With a provincial decision on the Site C dam expected in September, the District of Hudson’s Hope is calling on B.C. Premier Christy Clark to refer the Site C dam project for review by the B.C. Utilities Commission (BCUC).

“Before spending $7.9 billion of taxpayers money on the proposed Site C dam and increasing the already enormous $62 billion provincial debt, the provincial government needs to do its homework to see if there are less costly alternatives," said Hudson's Hope Mayor Gwen Johansson.

Hudson’s Hope request echoes the findings of the joint review panel’s 457-page report on the Site C dam, which recommended that the B.C. Utilities Commission review Site C’s costs, develop a long-term pricing scenario, review BC Hydro’s load forecasts and demand-side management plans.

“We feel we haven’t had a full arms length, independent review,” Johansson told DeSmog Canada.  “We need to look at the cost, at the demand and at the impact of these emerging technologies.”

The Liberal government previously exempted Site C from the oversight of the B.C. Utilities Commission, which has rejected the project previously. When the joint review panel recommendations came out, Energy Minister Bill Bennett immediately threw cold water on the idea of the project being reviewed by the independent regulator.

“This project has been poked, prodded and analyzed for the last 35 years,” he said at the time. “I think subjecting it to another review after all the years it has been studied, is not a good use of public money.”

A spokesman for Energy Minister Bill Bennett declined a request for comment on Wednesday.

Hudson’s Hope, a community of 1,100 people in the heart of the Peace River Valley, would be impacted more than any other municipality if a third dam is built on the Peace River. About 600 hectares of land in the district would be flooded and another 1,400 would land inside BC Hydro’s “impact lines,” putting the land off limits for permanent structures. Hudson’s Hope is already home to the W.A.C. Bennett Dam and the Peace Canyon dam. (Map of current and proposed dams)

“It’s such a beautiful valley,” Johansson said. “One of the best things about living in Hudson Hope is to drive through the valley from Fort St. John to Hudson Hope and that would be lost.”

Johansson was in Vancouver yesterday to release a report by Urban Systems, commissioned by Hudson’s Hope, reviewing the findings of the joint review panel report.

 “Critical questions about the proposed Site C project and viable alternatives remain unanswered," the report finds. It continues:

“The evidence suggests that a commitment to this $7.9 billion public investment would be premature before the BCUC undertakes a review of the proposed Site C project costs and long-term energy pricing and re-investigates the comparative costs and benefits of potential alternatives.”
With BC Hydro stating that it has generation capacity to meet demand until 2028, Johansson says more time should be taken to consider alternatives.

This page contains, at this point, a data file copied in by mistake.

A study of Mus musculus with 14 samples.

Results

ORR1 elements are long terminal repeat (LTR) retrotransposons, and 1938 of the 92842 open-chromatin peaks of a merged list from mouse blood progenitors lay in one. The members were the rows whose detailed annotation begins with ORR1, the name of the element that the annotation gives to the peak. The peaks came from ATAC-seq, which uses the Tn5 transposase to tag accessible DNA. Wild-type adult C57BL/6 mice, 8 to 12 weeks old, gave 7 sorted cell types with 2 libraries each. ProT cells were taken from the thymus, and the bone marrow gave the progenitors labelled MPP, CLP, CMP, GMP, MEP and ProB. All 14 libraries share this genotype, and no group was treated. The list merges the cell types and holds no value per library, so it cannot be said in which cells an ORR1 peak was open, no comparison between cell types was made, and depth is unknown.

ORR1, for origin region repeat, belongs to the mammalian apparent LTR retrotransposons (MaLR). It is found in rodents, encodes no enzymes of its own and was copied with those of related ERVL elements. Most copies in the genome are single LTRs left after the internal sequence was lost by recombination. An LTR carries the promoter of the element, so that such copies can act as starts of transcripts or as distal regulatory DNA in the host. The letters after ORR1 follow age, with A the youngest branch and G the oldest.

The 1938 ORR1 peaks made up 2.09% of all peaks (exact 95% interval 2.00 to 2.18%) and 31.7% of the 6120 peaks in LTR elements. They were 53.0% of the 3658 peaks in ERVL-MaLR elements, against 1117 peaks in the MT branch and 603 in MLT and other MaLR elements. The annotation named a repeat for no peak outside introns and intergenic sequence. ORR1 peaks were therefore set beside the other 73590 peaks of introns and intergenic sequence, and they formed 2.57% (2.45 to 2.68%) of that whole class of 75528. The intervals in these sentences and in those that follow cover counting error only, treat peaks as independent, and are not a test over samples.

“Some options have the potential to save B.C. taxpayers billions of dollars while at the same time avoiding the negative impacts of Site C,” Johansson said.

DeSmog Canada’s series on the proposed Site C dam has explored alternatives to the dam — including how the province of B.C. has failed for three decades to follow up on advice to research geothermal options.

"There is no crisis.  Let's adopt the recommendations of the Joint Review Panel and allow the BCUC to do the job it was set up to do,” Johansson said.

Johansson and other Peace Country residents will gather this weekend for the annual Paddle for the Peace.

Photo: Peace Valley near Hudson's Hope by Susan Hubbard via Flickr

When those boxes of heavily redacted documents start to pile in, reporters at The Narwhal waste no time in looking for kernels of news that matter the most. Just ask our Prairies reporter Drew Anderson, who gleefully scanned through freedom of information files like a kid in a candy store, leading to pretty damning revelations in Alberta this spring. Long story short: the government wasn’t being forthright when it claimed its pause on new renewable energy projects wasn’t political. Just like that, our small team was again leading the charge on a pretty big story

In an oil-rich province like Alberta, that kind of reporting is crucial. But look at our investigative work on the Coastal GasLink pipeline to the west, or our Greenbelt reporting out in Ontario. They all highlight one thing: those with power over our shared natural world don’t want you to know how — or why — they call the shots. And we try to disrupt that.

Our journalism is powered by people just like you. We never take corporate ad dollars, or put this public-interest information behind a paywall. Here’s the thing: we need 300 new members to join this month to meet our budget. Will you join the pod of Narwhals that make a difference by helping us uncover some of the most important stories of our time?